At Columbia University, Prof. Hitendra Wadhwa teaches future leaders that companies should value the whole person, not just the business employee.
He believes self-regulation can achieve what market regulation cannot — great business leadership.
Wadhwa claims our inner life matters significantly in business. Crystallizing mind-sets into missions, articulating purpose into goals, and pursuing them according to consciously explored values not only infuses executives with authenticity, but can make innovation and economic growth instruments of good for society.
Our experiences, values, emotions, and beliefs all act to shape how we think and act across all circumstances, and we can’t separate our inner-self from our business-self and expect to function in a healthy way.
To help us on our journey, Wadhwa offers five pillars of leadership we should strive to embrace in order to achieve a more holistic and fulfilling life.
Great leaders have a hunger for defining their purpose, which in many cases evolves significantly over time. They know who they are, what they want, and they are guided by a strong sense of their own values.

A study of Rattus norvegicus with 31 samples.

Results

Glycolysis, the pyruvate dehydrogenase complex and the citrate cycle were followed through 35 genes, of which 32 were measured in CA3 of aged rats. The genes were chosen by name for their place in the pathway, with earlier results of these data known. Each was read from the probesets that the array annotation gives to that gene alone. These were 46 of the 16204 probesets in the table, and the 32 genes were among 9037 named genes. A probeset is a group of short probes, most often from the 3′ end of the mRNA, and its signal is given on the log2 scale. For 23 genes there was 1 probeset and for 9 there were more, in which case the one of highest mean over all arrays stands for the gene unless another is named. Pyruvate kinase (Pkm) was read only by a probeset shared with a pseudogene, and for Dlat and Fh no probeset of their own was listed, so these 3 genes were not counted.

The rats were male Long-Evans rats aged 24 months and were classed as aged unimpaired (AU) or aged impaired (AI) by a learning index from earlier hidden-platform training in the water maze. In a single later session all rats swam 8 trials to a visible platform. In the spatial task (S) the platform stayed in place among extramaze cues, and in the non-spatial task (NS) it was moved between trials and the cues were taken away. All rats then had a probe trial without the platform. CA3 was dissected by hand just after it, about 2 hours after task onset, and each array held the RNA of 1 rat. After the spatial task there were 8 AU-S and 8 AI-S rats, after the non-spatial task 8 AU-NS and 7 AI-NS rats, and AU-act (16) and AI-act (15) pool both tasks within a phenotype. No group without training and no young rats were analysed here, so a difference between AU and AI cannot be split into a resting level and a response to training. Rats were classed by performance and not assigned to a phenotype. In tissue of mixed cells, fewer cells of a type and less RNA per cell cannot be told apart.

They aren’t held back by their ego and have a willingness to do whatever it takes to make an impact, even if it means relinquishing power.
Wisdom requires harnessing emotions, thoughts, and beliefs so at critical moments, emotions don’t hijack the more rational centers of the brain.
When faced with tough decisions, we need to be able to pull ourselves into and away from our emotions and thoughts to have clarity. When it comes to mindset, we have all formed views of the world that are shaped by our limited experiences.
The challenge for leaders is being aware of how these limitations influence the way we make decisions.
In order to truly harness our purpose and wisdom, we have to be mindful.
It’s important to be able to experience tranquility and peace, particularly in times of turbulence. Making sound decisions requires extracting oneself from both internal and external distractions to focus our attention on what matters most.
Love (in this context) is an expansion of the sense of self that enables leaders to share in the joys of others. Finding happiness in the accomplishments of others encourages leaders to develop their people to make them more successful.
Self-aware leaders have this desire to win through others and genuinely take joy in their employees’ achievements — thinking and acting like coaches to help their teams be the very best they can be.
One of the core aspects of leadership is the capacity to be ever-renewing.
It involves moving toward the ideal self everyone harbors, but which is often sacrificed as businesses leaders are swept along by the endless stream of pressure from without. And it encourages leaders to course-correct failure as a stepping-stone toward learning and success.
Most great leaders have had monumental failures, but they have persevered. This ability to rebound stems from their willingness to learn and adjust — they view failure as opportunity and always seek to better themselves and their circumstances.
What helps you be a better leader?
This was originally published on the OC Tanner blog.